Friday, May 7, 2010

Review: Wild Ride by Jennifer Crusie & Bob Mayer

The wildest ride at Dreamland isn’t the roller coaster.

Lots of women think they’ve fallen in love with a demon. Mab Brannigan really has...

Mary Alice Brannigan doesn't believe in the supernatural. Nor does she expect to find that she’s the newest recruit in the Guardia, an elite team of demon fighters formed centuries before to guard the five Untouchables, the most powerful demons in the history of the world, now imprisoned right there in the Dreamland amusement park. That would be bad enough, but there’s a guy she’s falling hard for, and there’s something about him that’s not quite right...

Then there’s Ethan Wayne, a former Green Beret who’s come home to Dreamland to die. Ethan has his own problems including a bullet in his chest inching closer to his heart, a true love who shoots him on sight, and a mother who drags him into the Guardia after he’s possessed by a crazed killer mermaid demon. Between ducking his mother’s attempts to reform him and dodging the bullets of a secret government agent he’s pretty sure is his soulmate, Ethan really doesn’t have time for demons, touchable or not.

But rocky romances and demented demons aren’t Mab and Ethan’s only problems: they’re also coping with a crooked politician, a supernatural raven, a secret government agency, an inexperienced sorceress, a betrayer within the Guardia, and some mind-boggling revelations from their own pasts. As their personal demons wreck their newfound relationships and real demons wreck the park, Mab and Ethan find out that the Untouchables have escaped and opened the gate to hell on earth. Now they’re facing down the Devil himself and finding out what everybody who’s ever been to an amusement park knows: the end of the ride is the wildest.

I have no idea what Jennifer Crusie and Bob Mayer were thinking when they wrote this book and certainly I wouldn't be so presumptuous to tell one of my favorite authors what to write about in the future but as a faithful reader, I have one thing I really need to say: Please stay away from paranormal stuff in the future. Please. Pretty pretty please.

I so wanted to like Wild Ride. I have written about how freaking fantastic I think Jennifer Crusie is (Bob Mayer deserves a mention too) and how I love her books but I have to admit, when I read the blurb for this book way before it came out I got a little nervous. Why is Jennifer Crusie writing about demons when she writes about regular people so well? I got even more nervous when Jane said she couldn't even finish it. Whoa! I had prepared myself for a book that had some problems that weren't so big that they couldn't be ignored but she couldn't even bring herself to finish it? That's so not good, I thought, but I put on my big-girl panties and sat down with this alleged odious book to see what I thought anyway.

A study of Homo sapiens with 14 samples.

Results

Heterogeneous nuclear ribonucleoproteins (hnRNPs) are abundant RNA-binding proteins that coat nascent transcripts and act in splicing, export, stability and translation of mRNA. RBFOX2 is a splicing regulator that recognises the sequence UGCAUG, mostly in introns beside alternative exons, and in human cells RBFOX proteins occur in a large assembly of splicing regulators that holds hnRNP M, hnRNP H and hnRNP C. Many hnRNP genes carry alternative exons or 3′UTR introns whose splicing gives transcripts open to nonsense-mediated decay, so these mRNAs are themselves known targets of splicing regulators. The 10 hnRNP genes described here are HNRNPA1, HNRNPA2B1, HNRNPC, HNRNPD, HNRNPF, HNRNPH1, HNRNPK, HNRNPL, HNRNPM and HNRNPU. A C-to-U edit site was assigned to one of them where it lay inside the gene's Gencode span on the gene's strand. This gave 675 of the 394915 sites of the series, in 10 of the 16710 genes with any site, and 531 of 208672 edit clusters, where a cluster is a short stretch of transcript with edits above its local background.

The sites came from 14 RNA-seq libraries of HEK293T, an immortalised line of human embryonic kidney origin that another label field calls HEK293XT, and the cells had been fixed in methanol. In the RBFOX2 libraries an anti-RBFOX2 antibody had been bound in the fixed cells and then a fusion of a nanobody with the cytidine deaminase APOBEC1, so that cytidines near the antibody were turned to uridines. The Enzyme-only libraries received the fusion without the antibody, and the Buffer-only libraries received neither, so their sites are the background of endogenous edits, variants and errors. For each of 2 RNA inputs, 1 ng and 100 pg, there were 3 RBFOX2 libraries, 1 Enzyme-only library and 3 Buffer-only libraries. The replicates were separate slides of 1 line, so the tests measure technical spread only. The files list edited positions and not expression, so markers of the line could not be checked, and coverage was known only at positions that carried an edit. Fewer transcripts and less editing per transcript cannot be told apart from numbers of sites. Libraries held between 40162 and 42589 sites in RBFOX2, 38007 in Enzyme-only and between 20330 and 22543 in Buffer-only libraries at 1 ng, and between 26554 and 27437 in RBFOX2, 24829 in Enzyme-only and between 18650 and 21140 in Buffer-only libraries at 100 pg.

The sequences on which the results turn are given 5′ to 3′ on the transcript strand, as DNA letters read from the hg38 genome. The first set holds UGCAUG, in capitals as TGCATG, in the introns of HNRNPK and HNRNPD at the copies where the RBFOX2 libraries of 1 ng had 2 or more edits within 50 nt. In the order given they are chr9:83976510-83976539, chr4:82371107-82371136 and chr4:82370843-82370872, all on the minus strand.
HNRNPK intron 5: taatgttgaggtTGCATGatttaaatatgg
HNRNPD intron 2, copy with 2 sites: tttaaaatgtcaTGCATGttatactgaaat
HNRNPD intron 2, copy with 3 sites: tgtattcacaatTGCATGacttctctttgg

I think this is was a mess. The goofy Jenny Crusie humor was there in spots thank goodness but the overall tone of the book was sad. "...a former Green Beret who's come home to Dreamland to die"? What's entertaining about that? And Mab, a repressed woman who spends more time involved with her artistic works than with people? What about the demonic possession and death in an old amusement park? That definitely sounds plausible to me since clowns are freaky but am I going to want to read a romance with that as the setting? Probably not. Sounds more like a Dean Koontz novel.

Maybe it’s because my copy is an ARC and they hadn't completely worked out all the bugs but some things aren’t clear, like how Ethan and Mab are basically strangers that graduated from the same high school class but by two-thirds through the book, with what seems like little interaction, are close and think of each other like siblings. I would have liked to have seen more of what their childhoods were like and seen them fleshed out a bit more. We are told that Mab’s mom was a bit fanatic about demons in the park but why? Some real family history would have been nice instead of little bits supplied when only necessary.

Not only were the platonic relationships out of whack but the romantic relationships are different than usual too: in Jenny Crusie books, the main male and female characters become romantically involved by the end but usually fight in the beginning. My favorite example of this is Bet Me. In this one, Mab falls for a drunkard who is possessed by a demon and pays her the slightest bit of attention. She goes instantly from obsessing about the decorations and artifacts in the park to becoming a infatuated with a man, then falling again with one look at another while Ethan ends up with a Homeland Security soldier who fights the paranormal, a female GI Joe. Ethan and GI Jane make sense but after Mab quickly gets over her demon and she falls for that other guy, it seems more like an afterthought, as if they don't want Mab to feel left out of the happy ending.

I'm not going to talk about all the demonic stuff happening at Dreamland except to say that in the right author's hands, it could have been good and scary as I don't think it was meant to be a romance. Though there are some amusing things about Wild Ride that stuck out to me, like there being a witch named Glenda and the squabbling demon spouses. There were periods where Wild Ride had the feel of Agnes and the Hitman, the only collaboration of the three between Crusie and Mayer that I felt was a success. Those periods were the reason that I made it through Wild Ride and for them, I thank you. On they have for a free download a short story prequel to Wild Ride called "Wild Night". I haven't read it yet as I found it as I was writing this review but maybe that will be the backstory I was looking for. Jenny Crusie has a solo book out on August 31, 2010 called Maybe This Time. Ironic title, don't you think?